Main Cast: Dan Stevens, Rachel Keller
Creator: Noah Hawley
Do you ever have dreams that are so trippy and disjointed that you wake up and just think…WTF? Yeah, me too. It’s totally bewildering and while you can pick out bits and pieces that might connect, they’re so buried in mind flotsam that they’re nearly unrecognizable. Have you ever wanted to watch a TV show that mimics that experience with eerie precision? Then welcome to the first season of FX’s Legion.
First let me say that it took me several episodes to recognize star Dan Stevens as Matthew from Downton Abbey. Quite the switch-up there, Dan. He is David, an institutionalized schizophrenic man with a long history of mental illness. His sister comes to visit him, but it’s with the kind of resigned weariness that lets us know that his has been a long, windy, unpleasant journey that isn’t likely to get easier.
But he has friends. Lenny (Aubrey Plaza) is a fellow patient with a history of drug and alcohol abuse, and new on the scene is Sydney (Rachel Keller), another patient on whom David immediately develops a profound crush. David seems like one of the more stable patients, but it is absolutely clear that his thinking is not really all that lucid. How is that clear, you ask? Well, we see the world through David’s distorted filter. So we know, oh yes we know, just how unfriendly his reality is.
But there’s a catch here. This is a Marvel universe show – and that means there is something special about David. No, he isn’t Iron Man, but he just might be a mutant, a la X-Men. Maybe even a really powerful mutant who needs some help from others who understand his confusion and isolation. Maybe they can even help him reconcile his troubling past.
So I’m not going to tell you any more about the story arc. If you’re familiar with this universe you don’t need it, if you aren’t you’ll want to find out for yourself. Maybe. If you can get through this season.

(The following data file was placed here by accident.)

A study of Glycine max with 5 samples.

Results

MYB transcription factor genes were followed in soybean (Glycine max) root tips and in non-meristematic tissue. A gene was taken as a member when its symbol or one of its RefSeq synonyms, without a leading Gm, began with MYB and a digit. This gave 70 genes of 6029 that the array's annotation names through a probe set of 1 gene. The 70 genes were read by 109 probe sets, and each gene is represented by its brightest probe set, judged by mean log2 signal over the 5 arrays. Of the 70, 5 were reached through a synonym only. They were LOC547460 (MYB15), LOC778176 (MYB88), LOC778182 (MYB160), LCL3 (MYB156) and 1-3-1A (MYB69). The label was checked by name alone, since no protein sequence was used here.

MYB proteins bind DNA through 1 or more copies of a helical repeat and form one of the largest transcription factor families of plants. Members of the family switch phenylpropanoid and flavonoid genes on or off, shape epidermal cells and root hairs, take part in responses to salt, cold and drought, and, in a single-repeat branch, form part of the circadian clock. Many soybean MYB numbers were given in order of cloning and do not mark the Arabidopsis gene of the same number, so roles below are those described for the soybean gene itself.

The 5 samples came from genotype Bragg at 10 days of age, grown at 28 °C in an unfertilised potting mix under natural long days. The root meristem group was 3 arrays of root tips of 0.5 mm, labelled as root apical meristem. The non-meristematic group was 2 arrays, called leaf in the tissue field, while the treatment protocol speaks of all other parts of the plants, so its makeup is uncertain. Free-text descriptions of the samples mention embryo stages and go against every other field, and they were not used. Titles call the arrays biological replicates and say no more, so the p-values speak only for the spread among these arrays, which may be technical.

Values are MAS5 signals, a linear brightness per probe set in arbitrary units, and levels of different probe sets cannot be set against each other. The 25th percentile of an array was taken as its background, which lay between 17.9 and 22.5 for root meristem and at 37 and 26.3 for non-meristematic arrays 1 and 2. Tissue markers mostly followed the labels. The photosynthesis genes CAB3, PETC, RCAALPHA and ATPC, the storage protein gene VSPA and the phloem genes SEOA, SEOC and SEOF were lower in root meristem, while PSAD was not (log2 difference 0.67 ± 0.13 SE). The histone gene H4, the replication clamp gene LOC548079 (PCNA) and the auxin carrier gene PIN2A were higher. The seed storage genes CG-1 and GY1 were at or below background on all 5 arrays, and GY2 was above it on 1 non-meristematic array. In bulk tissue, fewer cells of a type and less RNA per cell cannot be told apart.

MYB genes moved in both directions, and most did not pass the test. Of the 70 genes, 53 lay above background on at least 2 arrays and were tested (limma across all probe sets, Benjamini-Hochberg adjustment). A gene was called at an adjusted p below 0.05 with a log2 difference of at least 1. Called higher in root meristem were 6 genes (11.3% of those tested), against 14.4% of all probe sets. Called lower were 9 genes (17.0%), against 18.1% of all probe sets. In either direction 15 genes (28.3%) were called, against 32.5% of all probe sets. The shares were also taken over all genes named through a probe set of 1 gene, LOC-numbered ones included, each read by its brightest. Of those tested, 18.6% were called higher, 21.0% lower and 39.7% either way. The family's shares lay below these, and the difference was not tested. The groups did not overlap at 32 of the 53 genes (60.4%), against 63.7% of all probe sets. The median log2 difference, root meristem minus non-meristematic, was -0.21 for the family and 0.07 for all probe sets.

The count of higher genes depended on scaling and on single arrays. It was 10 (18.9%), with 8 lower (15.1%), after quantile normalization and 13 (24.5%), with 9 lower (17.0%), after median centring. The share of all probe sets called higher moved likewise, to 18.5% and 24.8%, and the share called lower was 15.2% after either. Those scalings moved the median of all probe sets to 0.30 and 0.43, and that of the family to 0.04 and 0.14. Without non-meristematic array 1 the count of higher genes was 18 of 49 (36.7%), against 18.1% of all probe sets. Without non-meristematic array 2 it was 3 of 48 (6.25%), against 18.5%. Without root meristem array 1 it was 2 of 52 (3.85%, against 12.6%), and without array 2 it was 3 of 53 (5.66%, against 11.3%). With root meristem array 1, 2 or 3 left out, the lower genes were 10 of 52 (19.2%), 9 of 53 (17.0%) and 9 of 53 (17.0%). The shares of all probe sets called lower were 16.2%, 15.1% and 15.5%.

The basic premise of Legion is fun (I know none of the character’s background story so it’s all new to me) – powerful superhero type misdiagnosed as mentally ill as a child and finally as an adult learning that his abilities are not a sign of illness at all, but of tremendous psychic strength. How does one deal with such a revelation, and figure out what’s real and what isn’t? That’s a terrific journey, especially when there’s a significant roadblock in one’s head making it far, far more difficult.
But…to be honest, this season is mostly a hot mess. It looks amazing – our trips into David’s altered mind are filled with psychedelic imagery and top notch effects. But it’s also nearly irretrievably confusing. I watched every single one of the season’s eight episodes and have no idea what was going on at least 50% of the time. It does come together, somewhat, by the end, but a lot of people will have given up on Legion long before episode 8. Getting into a troubled protagonist’s mind is a great idea, but they got far too carried away with trippy imagery and dipped far too deeply into David’s confusion. He can be completely lost and bewildered, we shouldn’t have to be.
I do see some hope here, though. The season ends with a nice promise that it will be less muddled next time around, having given some resolution in the area that was creating the most chaos. And I like Dan Stevens as David – even though he was more than a little hamstrung by his character’s extreme weirdness. I also love Aubrey Plaza, who has a really interesting, really complex role that you’re going to have to take my word is worth this flailing first season. Along for the ride are the wonderful Jean Smart and Bill Irwin who hopefully will have more coherent things to do in the future.
Overall, I’m going middle of the road for Legion – Season 1. It has a lot of promise in the concept, looks amazing, obviously has the budget for terrific effects, and I like the characters and the actors. But I’m only willing to put up with just so much befuddled nonsense in the storytelling. If season two doesn’t come out strong with a significantly heightened level of coherence, I’m out. So give it a shot, especially if you’re familiar with this Marvel character, but know that you have to make it through a lot of unwieldy weirdness to get to the next stage. I’ll be watching, season 2 – don’t let me down.